UPD: More than an emergency number


Jacob Summerville/The Lion’s Roar

Located in Pride Hall, the University Police Department’s centralized placement not only helps in responding to emergency situations, but it also allows the department to be prominent among the student body.

One aspect of my college search during my senior year of high school was finding a safe campus. Having gone to high school in the heart of Baton Rouge, I realized that the state’s capital was not the safest place to attend college.

During my senior year, the university was ranked 15th in the nation in campus safety, according to a 2016 study by College Choice. That was not the core reason for becoming a Lion, but it did influence my decision to attend here.

Now, as a student, I have noticed that the visibility and amicability of the University Police Department plays a major factor in the safety of our campus. I have never had to call the department in a state of emergency, but if I had to, I would not hesitate. Their presence at university events and proximity to most of campus enhances the department’s ability to act effectively when called upon.

Having attended dozens of on-campus events for work, I have noticed that the police department has been a background feature: the officers’ presence is noted, but they are not intrusive. In addition, some of the officers are recent graduates, which I think helps current students connect to the department better.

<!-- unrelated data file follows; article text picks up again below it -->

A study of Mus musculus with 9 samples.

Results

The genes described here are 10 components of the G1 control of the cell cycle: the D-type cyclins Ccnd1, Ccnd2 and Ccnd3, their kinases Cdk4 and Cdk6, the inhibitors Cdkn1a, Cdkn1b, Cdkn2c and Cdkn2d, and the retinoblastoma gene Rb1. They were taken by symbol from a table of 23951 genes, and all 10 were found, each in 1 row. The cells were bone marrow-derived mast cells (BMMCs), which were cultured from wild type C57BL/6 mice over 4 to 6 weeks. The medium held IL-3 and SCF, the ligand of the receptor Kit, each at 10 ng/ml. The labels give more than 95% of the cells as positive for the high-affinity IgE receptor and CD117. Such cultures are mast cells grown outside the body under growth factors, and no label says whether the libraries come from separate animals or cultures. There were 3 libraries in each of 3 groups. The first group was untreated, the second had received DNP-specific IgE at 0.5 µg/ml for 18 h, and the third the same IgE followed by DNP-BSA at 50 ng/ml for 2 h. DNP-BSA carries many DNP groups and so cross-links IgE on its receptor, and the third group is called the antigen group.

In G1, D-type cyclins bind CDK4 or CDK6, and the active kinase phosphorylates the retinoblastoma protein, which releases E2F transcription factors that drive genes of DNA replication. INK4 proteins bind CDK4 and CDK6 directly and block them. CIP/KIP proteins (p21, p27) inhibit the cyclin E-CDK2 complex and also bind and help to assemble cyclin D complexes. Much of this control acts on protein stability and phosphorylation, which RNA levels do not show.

Another strength of the UPD is its location. The department is located rather centrally, if you consider North Campus, and it is embedded with the dormitories, a hotspot for incidents to occur. It is ingeniously placed, seeing that all freshmen, both commuters and residents, will probably pass by the department on a daily basis, walking to and from classes. Along with the information given out during orientation about the UPD, incoming freshmen will not have to search hard to find where the police department is located.

The relationship established between the student body also contributes to the safety on campus. I attended “My Life Matters” last November as a staff reporter, but Gipson’s message still resonates with me. One moment that stood out to me was when Patrick Gipson, police lieutenant, said something regarding how students know about an incident well before the police department – that students are more likely to be a witness to a crime than an officer. For the UPD to know about what happened, they have to be contacted.

On its web page, the UPD has safety information including how to respond to an active shooter, methods of reporting a sexual assault incident, how to report violence in the workplace and an anonymous crime-reporting system.

Along with these valuable resources, another source I find intriguing is the Daily Crime Log. Updated on a monthly basis, the report shows incidents ranging from traffic violations to medical emergencies to battery. The reason I find this tool appealing is because it shows the transparency of the UPD by allowing people to not only view what situations have been handled, but it also allows for the campus community to provide information on cases that are still open.

Other than the shooting incident on North Campus last spring, there has not been a widely-discussed crime among the community. One, I think the small-town nature of the campus helps reduce the number of violent crimes. On the other hand, I think that the students’ activism in reporting a crime to the UPD and the department’s ability to take control of a situation contributes to campus safety.

I believe that the campus remains safe because of the resources provided by the university and the relationship formed between the students and the UPD. I do not wake up in fear, thinking that there is bound to be violence on campus while walking to Fayard Hall for class. Although I have only talked to a select number of officers, mostly for work-related matters, the department’s actions do not go unnoticed.